TJ Maxx Data Breach
In the late 2006 the online retail store TJ Maxx which is a leading apparel and off-price retail store, reported that it had problems processing credit cards. The company brought in an external security advisor to investigate the incident. It was soon discovered that TJ Maxx was subject to multiple security and data breaches. The company finally hired General Dynamics and IBM to further investigate the matter.
Both the hired companies investigated the matter and brought to the attention of TJ Maxx that suspicious software had been detected installed within their systems. It was undetermined if it was one hacker or hackers who had gained access. TJ Maxx declared that its wireless service had been breached and the attackers had gained access to the corporate network. It was unclear who was responsible for the breach. TJ Maxx conducted an internal inquiry and revealed that none of its employees were involved in the security breach. However, it was also found that none of its employees were alert enough to prevent unauthorized access. It was also found that hackers had replaced the store’s PIN-pad terminal with a similar device, that had been altered to capture the account numbers and PINs of people using the device. The hackers returned to the store a few days later and replaced the original and made off with the other device, that had recorded customer’s account information. This went unnoticed by the staff.
After processing the and analyzing the evidence, TJ Maxx notified various law enforcement agencies of the intrusion and data breach. The initial press release by TJ Maxx stated that 45 Million payment cards were affected by the breach, however at the time of the disclosure over three quarters of these cards were said to have expired. However, when a class action suit was later filed, there were about 94 Million card holders who had joined the suit. The large discrepancy between the numbers provided by TJ Maxx and those from the banks suggests that TJ Maxx did not have proper logs for proper forensic analysis.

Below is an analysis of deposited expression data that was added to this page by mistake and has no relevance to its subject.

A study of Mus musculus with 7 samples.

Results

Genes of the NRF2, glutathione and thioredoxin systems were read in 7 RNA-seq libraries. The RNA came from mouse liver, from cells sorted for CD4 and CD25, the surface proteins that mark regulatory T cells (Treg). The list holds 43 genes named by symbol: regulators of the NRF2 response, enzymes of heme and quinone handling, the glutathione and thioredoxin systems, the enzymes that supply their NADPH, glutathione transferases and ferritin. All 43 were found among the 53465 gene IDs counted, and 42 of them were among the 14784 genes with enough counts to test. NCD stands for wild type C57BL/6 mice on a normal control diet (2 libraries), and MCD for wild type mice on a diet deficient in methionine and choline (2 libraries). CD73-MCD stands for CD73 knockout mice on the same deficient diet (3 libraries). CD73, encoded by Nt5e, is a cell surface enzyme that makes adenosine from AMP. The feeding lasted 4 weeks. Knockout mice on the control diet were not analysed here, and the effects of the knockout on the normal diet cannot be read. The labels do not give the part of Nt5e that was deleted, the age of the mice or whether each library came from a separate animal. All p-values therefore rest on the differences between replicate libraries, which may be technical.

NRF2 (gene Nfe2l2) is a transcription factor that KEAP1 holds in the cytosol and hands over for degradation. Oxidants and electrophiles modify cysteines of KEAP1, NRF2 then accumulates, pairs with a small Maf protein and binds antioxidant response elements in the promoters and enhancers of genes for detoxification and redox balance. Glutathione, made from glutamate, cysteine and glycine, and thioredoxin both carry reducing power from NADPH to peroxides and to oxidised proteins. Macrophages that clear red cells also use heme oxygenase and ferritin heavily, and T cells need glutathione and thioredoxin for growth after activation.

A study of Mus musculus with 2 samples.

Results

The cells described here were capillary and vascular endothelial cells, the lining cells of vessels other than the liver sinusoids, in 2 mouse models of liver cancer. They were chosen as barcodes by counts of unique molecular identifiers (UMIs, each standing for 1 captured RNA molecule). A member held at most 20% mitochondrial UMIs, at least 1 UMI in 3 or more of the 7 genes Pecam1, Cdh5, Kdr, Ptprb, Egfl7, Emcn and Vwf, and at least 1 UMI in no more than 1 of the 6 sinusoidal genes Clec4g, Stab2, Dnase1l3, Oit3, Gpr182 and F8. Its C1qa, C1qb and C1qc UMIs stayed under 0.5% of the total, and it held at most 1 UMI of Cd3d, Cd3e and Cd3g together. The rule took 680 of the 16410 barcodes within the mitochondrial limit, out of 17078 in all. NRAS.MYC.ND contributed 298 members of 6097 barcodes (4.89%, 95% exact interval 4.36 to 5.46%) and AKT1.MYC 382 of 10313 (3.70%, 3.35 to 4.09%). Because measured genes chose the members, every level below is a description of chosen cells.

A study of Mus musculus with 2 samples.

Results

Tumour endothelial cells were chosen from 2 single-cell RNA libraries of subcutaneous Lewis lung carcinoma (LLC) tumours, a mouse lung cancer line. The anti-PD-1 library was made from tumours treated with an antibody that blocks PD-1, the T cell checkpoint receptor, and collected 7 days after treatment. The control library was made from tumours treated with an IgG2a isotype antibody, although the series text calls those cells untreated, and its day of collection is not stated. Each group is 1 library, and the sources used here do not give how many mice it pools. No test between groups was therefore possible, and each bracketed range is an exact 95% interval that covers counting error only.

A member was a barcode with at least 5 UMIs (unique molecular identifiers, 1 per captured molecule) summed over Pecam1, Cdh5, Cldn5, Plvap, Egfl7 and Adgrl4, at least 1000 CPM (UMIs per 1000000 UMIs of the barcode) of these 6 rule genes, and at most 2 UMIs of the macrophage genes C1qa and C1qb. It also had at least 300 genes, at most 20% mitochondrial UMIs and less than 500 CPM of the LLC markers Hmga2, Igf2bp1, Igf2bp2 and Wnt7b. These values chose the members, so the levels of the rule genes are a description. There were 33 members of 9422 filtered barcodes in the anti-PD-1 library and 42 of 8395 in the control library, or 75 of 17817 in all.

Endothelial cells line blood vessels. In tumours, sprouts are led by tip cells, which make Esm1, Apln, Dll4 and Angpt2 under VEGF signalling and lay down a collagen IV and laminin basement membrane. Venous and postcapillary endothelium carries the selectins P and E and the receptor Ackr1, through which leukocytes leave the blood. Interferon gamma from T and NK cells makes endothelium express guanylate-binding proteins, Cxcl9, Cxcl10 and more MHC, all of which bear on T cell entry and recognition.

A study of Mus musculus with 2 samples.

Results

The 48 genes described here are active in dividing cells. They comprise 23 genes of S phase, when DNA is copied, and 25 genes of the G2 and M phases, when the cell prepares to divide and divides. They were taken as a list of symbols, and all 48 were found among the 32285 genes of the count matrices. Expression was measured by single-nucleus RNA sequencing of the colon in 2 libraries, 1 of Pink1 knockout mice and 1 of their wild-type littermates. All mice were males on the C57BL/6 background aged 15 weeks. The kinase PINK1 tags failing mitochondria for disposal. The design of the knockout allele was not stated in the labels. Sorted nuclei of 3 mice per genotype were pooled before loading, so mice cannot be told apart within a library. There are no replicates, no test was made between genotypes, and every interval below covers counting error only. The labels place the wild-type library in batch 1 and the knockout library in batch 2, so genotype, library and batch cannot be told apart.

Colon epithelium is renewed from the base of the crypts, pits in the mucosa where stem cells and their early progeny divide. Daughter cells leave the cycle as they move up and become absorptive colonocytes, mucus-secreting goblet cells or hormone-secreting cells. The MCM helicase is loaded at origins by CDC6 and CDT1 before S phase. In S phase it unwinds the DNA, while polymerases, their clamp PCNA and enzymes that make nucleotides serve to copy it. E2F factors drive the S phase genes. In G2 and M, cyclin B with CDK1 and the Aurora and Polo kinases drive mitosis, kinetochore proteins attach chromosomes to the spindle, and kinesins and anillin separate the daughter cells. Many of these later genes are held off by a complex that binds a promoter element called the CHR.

The entire corporate network TJ Maxx had been breached. The stolen data included not just data for the TJ Maxx store, but also for the other stores of the group including Marshalls, Home Goods, and A. J. Wright stores in the United States and Puerto Rico, also data for the stores Winners and Home Sense in Canada was compromised.
The corporate data stolen included merchandise return transactions of the customers of the above affected stores. Though no Personal Identification Numbers (PINs) were stolen, customer’s Drivers License Numbers, Military, and State Identification numbers were compromised. The company later identified that data for at least 455,000 customers had been compromised.
Data life cycle and Security Recommendations
Looking at the number of card holders (94 Million) joining the class action law suit, it is apparent that TJ Maxx companies had stored historical information for transactions. There was no proper data life cycle for data collected from the customers as well as the data generated within the business for the customers.
If TJ Maxx had a proper data life cycle policy which deleted data as soon as it matured, it wouldn’t have suffered from such a severe breach. The more data you store, the more your business risk to a data breach. Defining when data is destroyed right when it is created, helps in limiting your Data Security Risk. TJ Maxx should have defined a data destruction policy which defines when data is destroyed and should have accordingly deleted all the sensitive data after a pre-determined interval. This decision would have helped TJ Maxx.
A typical Data life cycle of six months would have reduced the business risk by at least two-thirds of the breached data. Limiting the historical data lost to only last 6 months, would bring down the data breach from 94 Million Card Holders to only shoppers in last 6 months.